As much as any other city in Turkey, SİVAS has been a battleground for the successive empires struggling to rule central Anatolia. Now this well-planned city of 200,000 people wouldn’t figure on anybody’s itinerary were it not for a concentration of Selçuk buildings – among the finest in Turkey – conveniently located in a town-centre park. The 113km journey southeast from Tokat is uninspiring, over barren hills that rise to 1600m metres, with the presence of snow poles giving some indication of what this region looks like in winter.
Sivas has been settled since Hittite times and according to local sources was later a key centre of the Sivas Frig Empire (1200 BC), which seems to have been consigned to historical oblivion. The town’s real flowering came during Selçuk times, after the Battle of Manzikert (1071), and Sivas intermittently served as the Selçuk capital during the Sultanate of Rum in the mid-twelfth century, before passing into the hands of İlhanid Mongols during the late thirteenth century. The Ottomans took over in 1396 only to be ousted by the Mongols four years later under Tamerlane, who razed much of the city after an eighteen-day siege and put its Christian inhabitants to the sword. The Ottomans returned in 1408 and Sivas pretty much faded out of history until a nineteenth-century reawakening.Read More
Most of Sivas’s Selçuk monuments were built during the Sultanate of Rum and in the period of Mongol sovereignty that followed under the İlhanids. With their highly decorative facades and elaborately carved portals, the buildings epitomize Selçuk architectural styles, and nearly all are conveniently grouped together in and around a small area just off Konak Meydanı. Closest to the meydan is the Bürüciye Medresesi, founded in 1271 by the İlhanid emir Muzaffer Bürücirdi. The building consists of a series of square rooms laid out to a symmetrical ground plan around a central courtyard. As you pass through the entrance, the türbe of the emir and his children is to the left. The medrese now contains a few uninteresting pieces of stonework, as well as a popular courtyard café. Nearby is the Kale Camii, dating from 1580 and an oddity in this area since it’s a straightforward Ottoman mosque.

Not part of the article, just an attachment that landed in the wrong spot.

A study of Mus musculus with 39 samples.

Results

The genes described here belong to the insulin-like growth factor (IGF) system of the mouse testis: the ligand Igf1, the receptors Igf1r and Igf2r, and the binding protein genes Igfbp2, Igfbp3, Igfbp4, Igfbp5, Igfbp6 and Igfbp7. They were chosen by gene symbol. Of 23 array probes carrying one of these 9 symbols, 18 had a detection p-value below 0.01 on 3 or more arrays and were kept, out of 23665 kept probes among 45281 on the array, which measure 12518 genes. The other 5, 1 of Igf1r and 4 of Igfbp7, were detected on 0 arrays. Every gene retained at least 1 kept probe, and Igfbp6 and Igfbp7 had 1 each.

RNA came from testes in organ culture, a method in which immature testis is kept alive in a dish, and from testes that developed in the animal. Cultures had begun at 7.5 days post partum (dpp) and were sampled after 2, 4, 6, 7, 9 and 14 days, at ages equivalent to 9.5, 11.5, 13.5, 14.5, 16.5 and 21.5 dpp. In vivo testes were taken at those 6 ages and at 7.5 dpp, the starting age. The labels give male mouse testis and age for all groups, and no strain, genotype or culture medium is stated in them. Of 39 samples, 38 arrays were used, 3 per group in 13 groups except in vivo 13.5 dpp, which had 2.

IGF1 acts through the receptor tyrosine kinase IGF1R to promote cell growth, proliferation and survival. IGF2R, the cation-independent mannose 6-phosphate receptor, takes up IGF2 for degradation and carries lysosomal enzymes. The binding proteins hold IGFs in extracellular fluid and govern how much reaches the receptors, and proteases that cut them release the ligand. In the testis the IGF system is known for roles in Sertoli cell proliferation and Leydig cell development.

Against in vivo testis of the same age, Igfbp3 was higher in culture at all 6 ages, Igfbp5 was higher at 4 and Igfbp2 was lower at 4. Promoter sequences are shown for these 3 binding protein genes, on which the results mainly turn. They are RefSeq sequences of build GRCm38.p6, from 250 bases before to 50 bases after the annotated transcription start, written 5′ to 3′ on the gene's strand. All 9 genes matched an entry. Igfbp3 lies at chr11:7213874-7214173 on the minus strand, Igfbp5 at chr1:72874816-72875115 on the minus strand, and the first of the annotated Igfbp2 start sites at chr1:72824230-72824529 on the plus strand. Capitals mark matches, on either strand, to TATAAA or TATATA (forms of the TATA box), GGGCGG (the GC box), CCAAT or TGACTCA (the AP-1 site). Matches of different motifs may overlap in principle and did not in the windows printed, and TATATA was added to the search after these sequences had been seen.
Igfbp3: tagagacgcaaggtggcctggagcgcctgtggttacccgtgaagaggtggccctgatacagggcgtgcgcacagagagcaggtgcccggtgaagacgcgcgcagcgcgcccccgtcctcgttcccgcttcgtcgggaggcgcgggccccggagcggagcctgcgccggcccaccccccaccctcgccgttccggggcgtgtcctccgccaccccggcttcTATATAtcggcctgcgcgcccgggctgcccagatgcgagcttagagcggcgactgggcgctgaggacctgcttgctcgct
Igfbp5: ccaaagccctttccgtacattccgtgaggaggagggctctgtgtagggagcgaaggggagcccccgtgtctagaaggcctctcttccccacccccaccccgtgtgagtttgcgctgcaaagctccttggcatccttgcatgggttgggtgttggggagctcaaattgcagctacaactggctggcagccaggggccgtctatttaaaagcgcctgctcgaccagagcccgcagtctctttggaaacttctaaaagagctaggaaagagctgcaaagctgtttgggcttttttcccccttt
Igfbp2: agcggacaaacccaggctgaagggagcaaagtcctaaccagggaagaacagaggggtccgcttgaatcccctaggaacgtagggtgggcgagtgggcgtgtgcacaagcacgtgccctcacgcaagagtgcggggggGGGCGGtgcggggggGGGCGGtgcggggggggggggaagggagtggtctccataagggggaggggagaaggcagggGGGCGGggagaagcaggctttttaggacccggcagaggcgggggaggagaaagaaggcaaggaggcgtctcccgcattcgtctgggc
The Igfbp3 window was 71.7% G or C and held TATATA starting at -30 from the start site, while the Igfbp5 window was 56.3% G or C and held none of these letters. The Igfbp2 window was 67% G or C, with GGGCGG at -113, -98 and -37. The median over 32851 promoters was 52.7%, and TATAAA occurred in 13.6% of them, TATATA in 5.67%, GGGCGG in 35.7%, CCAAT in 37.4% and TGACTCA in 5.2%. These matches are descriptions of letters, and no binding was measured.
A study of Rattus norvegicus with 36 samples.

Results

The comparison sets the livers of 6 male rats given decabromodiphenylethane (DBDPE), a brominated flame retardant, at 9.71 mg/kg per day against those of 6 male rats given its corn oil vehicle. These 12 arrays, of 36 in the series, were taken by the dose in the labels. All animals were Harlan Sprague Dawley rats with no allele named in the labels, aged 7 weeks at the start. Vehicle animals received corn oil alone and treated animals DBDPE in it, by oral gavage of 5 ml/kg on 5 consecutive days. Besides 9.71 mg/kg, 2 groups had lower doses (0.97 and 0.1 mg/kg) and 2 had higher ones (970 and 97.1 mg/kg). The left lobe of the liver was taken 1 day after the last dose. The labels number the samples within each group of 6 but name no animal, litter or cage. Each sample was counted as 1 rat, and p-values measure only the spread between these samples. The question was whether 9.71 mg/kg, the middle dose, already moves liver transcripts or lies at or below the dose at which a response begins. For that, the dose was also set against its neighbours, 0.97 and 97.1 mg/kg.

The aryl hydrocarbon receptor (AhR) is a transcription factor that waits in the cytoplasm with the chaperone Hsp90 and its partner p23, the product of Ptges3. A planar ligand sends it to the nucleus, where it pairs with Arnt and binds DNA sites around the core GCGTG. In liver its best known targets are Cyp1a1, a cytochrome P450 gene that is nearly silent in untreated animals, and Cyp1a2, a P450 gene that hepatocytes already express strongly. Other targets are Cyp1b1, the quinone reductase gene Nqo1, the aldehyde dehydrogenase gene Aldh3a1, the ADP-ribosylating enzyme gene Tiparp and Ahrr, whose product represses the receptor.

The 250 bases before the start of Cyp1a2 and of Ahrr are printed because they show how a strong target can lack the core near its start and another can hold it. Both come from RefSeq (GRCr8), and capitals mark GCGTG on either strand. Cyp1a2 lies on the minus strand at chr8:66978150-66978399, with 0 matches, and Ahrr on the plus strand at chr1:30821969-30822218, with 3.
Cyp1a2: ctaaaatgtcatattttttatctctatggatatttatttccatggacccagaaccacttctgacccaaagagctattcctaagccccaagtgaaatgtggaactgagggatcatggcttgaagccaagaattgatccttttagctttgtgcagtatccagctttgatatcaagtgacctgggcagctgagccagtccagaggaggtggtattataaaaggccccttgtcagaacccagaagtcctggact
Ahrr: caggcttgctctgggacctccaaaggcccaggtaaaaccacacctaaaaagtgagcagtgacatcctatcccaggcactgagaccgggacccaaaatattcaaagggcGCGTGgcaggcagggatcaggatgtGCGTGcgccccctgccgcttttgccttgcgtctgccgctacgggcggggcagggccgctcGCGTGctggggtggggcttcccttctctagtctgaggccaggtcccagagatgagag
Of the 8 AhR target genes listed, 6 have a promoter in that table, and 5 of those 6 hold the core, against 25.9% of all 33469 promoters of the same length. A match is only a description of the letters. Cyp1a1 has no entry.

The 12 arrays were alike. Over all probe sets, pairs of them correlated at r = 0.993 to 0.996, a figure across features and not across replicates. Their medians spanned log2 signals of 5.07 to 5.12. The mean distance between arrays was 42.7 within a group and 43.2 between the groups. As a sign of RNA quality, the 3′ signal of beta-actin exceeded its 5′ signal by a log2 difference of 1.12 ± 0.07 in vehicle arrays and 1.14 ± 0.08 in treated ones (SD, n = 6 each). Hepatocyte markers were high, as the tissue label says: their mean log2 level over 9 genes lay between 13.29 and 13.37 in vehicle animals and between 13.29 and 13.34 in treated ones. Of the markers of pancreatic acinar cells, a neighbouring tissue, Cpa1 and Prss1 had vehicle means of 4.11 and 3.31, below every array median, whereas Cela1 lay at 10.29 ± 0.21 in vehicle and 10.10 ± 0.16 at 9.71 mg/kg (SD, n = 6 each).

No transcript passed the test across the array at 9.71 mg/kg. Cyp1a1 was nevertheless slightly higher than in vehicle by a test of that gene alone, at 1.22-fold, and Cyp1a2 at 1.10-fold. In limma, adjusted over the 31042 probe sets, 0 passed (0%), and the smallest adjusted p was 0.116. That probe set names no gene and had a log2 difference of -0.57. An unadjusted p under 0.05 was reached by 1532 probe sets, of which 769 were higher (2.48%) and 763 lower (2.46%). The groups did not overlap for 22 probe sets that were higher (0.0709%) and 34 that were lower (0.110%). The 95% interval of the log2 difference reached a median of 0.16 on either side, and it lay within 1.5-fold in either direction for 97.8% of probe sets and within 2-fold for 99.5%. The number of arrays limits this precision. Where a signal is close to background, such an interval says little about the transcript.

South of here is the stunning Çifte Minare Medrese (Twin Minaret Seminary), also built in 1271. The facade alone survives, adorned with tightly curled relief filigrees, topped by two brick minarets, which are adorned here and there with pale blue tiles. Behind, only the well-defined foundations of student cells and lecture halls survive. Directly opposite is the Şifaiye Medresesi (1217), a hospital and medical school built on the orders of the Selçuk sultan Keykavus I. At the time of writing it was the subject of heavy renovation, but it’s likely to revert to its previous function as a bazaar.
The rest of the town’s Selçuk monuments lie outside the park. If you turn onto Cemal Gürsel Caddesi (just south of the park), you’ll find the Ulu Cami, the oldest mosque in Sivas, built in 1197. If you step inside the northern entrance you will enter the subterranean cool of an interior supported by fifty wooden pillars. The peaceful silence is broken only by the murmur of boys reading from the Koran.
A right turn from Cemal Gürsel Caddesi will take you onto Cumhuriyet Caddesi where, on the left after a couple of hundred metres, you’ll find the Gök Medrese, with its ornate tile-studded minarets. Like the Şifaiye Medresesi, the stunning “Blue Seminary” was undertaking substantial renovation at the time of writing. It was built in 1271 by the Selçuk grand vizier Sahip Ata Fahrettin Ali, who was also responsible for buildings in Kayseri and Konya.